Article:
Does anyone have a violin made in New Hampshire?



Has anybody written a book about the makers of New England?  Someone said Christopher Reuning was working on one but that was years ago.



I am working on a JLHerriman, from Berlin N.H. The violin was built in 1930. Very nice workmanship. It was a commissioned piece , built for a Dr in Berlin. Also, are you familiar with John Rowell , from Cannan Vt. He built 18 fiddles. I have one of his, and am a desendant

According to my information, John L Harriman was an upholsterer.  Someone informed me of a violin he made in 1932.  That's all I have on him.  Do you know anything about him such where he learned to make a violin, how many he made, birth and death dates, etc.?

I know nothing about John Rowell.


My list of New Hampshire violin makers is up to 139 names.  Wenberg has  entries for 49 of them.  My small collection contains nine violins made in New Hampshire by eight makers (and one bow).  The quality does not merit anything like a  public exhibition, though I'm willing to show them to anyone interested enough to visit me.  The closest thing I've done to a catalog is giving a copy of the list to the New Hampshire Historical Society.

Wonderful. How many makers on your list have you documented through photographs of their instruments? This online reference of photographs and listings of NH makers, of all quality, would be an astounding reference and benefit to the historical record. I’d love to see it.


Thanks.  How do you know it's Hampton, NH, rather than some other state?

All I have to go on is that I bought it 30 years ago from a New Hampshire antique pickers attic, who said is was from a local estate. and the look. I had many church basses back in my heyday as a violin Hunter, when you and I  used to run into each other all over New England.

That said, I can't definitely say NH, though I would tend to think so.

Glenn

 


According to my information, John L Harriman was an upholsterer.  Someone informed me of a violin he made in 1932.  That's all I have on him.  Do you know anything about him such where he learned to make a violin, how many he made, birth and death dates, etc.?

I know nothing about John Rowell.

I'm looking into it. I know the violin was eventually owned by Larry Riendeau, and then Patrick Ross. Not sure how to send photos on this site.

John Rowell was a welder from Caanan Vt. He built around 18 violins. The one I have sounds pretty darned good. His kin lives in Concord Vt.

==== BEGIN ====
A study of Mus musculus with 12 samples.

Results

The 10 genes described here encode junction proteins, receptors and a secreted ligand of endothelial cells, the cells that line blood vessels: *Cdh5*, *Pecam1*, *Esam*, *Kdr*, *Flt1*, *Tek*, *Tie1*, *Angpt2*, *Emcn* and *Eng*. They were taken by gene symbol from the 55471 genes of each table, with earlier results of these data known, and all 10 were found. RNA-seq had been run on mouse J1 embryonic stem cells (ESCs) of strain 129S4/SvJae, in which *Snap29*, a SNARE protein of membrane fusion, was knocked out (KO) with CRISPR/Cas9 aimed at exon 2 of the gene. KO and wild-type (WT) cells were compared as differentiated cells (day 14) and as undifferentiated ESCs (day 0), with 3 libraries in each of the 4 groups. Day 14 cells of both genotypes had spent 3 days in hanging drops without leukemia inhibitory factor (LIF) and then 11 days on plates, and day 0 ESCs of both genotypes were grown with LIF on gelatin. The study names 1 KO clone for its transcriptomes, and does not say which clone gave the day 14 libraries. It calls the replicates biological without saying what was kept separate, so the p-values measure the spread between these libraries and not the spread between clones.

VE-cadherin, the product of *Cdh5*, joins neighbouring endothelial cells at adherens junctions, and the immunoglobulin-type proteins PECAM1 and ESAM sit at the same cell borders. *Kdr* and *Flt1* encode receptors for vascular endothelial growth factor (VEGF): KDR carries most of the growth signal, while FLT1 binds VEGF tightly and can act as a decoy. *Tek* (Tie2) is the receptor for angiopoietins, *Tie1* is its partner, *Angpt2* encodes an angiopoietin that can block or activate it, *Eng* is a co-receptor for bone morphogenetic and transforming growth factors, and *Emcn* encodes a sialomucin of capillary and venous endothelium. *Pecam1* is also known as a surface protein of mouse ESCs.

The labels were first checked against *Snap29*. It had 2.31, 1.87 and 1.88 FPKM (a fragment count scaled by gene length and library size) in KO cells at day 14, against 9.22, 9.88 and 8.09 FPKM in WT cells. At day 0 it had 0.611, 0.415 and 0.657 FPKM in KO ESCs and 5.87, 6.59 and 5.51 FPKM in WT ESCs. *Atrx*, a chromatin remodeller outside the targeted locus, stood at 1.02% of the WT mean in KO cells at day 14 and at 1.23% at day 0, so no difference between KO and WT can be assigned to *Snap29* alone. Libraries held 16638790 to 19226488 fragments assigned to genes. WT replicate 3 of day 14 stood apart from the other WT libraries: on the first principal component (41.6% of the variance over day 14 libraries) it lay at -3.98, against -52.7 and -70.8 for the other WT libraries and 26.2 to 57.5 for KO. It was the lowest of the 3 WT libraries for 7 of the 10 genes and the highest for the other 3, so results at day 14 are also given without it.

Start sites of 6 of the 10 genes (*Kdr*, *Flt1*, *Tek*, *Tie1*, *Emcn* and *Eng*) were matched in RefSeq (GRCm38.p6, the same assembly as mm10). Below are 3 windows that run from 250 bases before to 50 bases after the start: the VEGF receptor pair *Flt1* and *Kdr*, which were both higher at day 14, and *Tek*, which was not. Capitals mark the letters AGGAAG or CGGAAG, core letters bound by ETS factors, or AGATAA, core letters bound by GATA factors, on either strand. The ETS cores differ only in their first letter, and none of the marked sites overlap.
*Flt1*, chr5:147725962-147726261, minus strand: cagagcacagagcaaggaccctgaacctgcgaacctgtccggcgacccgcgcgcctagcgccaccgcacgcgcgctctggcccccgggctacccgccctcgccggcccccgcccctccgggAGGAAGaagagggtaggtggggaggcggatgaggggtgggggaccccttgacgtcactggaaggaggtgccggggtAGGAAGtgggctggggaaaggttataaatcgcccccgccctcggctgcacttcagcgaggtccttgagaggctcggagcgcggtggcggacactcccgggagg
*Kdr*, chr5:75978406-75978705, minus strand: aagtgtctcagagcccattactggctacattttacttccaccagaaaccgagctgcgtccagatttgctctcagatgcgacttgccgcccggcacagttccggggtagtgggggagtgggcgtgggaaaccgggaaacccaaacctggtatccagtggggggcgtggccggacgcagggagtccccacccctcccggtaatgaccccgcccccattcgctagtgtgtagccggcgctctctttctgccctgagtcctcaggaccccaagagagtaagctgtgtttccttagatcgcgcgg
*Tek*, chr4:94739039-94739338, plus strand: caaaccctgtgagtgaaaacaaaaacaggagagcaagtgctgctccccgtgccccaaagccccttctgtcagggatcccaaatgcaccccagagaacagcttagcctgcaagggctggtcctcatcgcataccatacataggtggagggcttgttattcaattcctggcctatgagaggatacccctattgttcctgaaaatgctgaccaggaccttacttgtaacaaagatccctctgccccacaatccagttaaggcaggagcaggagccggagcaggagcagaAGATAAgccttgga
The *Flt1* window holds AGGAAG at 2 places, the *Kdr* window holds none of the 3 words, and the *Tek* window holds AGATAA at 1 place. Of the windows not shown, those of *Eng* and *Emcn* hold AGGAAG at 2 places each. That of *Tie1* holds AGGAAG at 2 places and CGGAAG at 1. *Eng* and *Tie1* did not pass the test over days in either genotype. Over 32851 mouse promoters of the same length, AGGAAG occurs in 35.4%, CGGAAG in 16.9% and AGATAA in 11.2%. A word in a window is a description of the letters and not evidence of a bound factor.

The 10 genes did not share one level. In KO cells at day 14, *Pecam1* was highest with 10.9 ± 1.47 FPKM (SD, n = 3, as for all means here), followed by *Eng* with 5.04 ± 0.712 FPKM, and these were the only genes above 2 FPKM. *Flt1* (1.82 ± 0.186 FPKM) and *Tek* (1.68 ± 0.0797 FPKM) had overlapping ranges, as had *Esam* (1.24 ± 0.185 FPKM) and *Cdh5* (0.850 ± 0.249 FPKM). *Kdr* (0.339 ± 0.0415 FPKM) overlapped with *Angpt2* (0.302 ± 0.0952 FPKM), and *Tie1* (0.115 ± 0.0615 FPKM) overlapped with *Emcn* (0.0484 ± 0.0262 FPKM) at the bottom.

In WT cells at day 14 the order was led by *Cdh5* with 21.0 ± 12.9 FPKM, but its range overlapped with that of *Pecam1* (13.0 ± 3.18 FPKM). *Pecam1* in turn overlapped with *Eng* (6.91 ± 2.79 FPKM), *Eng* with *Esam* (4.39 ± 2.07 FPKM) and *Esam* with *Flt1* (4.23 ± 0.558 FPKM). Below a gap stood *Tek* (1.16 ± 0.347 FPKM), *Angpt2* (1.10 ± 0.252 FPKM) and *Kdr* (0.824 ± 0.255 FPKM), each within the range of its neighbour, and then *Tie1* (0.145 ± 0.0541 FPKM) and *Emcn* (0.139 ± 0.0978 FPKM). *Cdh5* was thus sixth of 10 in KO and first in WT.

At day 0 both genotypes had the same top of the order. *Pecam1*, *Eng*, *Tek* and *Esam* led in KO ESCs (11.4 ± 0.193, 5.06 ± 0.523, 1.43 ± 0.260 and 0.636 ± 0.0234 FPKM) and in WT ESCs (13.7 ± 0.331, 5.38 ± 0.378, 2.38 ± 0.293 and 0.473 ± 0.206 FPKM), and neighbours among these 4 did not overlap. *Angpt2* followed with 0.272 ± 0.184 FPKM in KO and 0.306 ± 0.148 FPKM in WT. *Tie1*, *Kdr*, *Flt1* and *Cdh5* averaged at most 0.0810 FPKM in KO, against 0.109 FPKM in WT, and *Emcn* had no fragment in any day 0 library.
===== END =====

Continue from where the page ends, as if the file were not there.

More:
Let me suggest that Brad's comment about New Hampshire, and by implication the rest of northern New England being "too rural" might be precisely backwards - the flood of cheap German instruments in the late 19th century most likely went first to the cities, where it was easy to find a violin. Later the instruments filtered out to the rest of the country, via the Sears catalog among other things, to New Hampshire and Maine, where there wasn't necessarily money but there was plenty of woodworking expertise and initiative (here in western Maine we invented the snowshoe industry and much of the manufactured wood products industry). Building a violin was cheaper than buying one, and once hooked by the iconic craft makers kept at it. And it was wonderful, surely, to be able to make something that would play music, and even to experiment with design, like Eugene Andrews of Norway, Maine, a left-hander who made a dozen or so violins for lefties, with a very narrow but deep body, which apparently sounded just fine. The newspaper stories say he started out in Stow, Maine, near the NH border, with his father's instrument, then tried to make his own using clapboards.

There is room here for a decent history, and I think a need for it, chronicling what might be described as a high art becoming also a folk art, without losing its connection between a local artisan and Stradivarius, though this may be an overstatement.

 



On 4/21/2005 at 11:46 PM, Brad Dorsey said:

New Hampshire is not known as a center for fine violin making. It has been too rural and lacking in the concentrated wealth and cultural resources of places like Boston and New York. Nonetheless, I have been collecting New Hampshire-made violins and information about New Hampshire violin makers for many years. My list of New Hampshire makers numbers a little over 100.

If anyone out there has any New Hampshire-labeled violins, I would appreciate it if you would contact me with the details (maker's name, date, town, etc.). Perhaps I can provide you with some information about your violin's maker. And if your violin is looking for a new home, I'm interested.

 


I saw a sign with a name and Violin maker on my way to visit John Lunn the flute maker

I lived in Newport, NH for six years and knew John.


 


 

David Marston, jr

 

I bought the Marston church bass from SingingTree Tonewood. I'd love to hear about any info on Marston.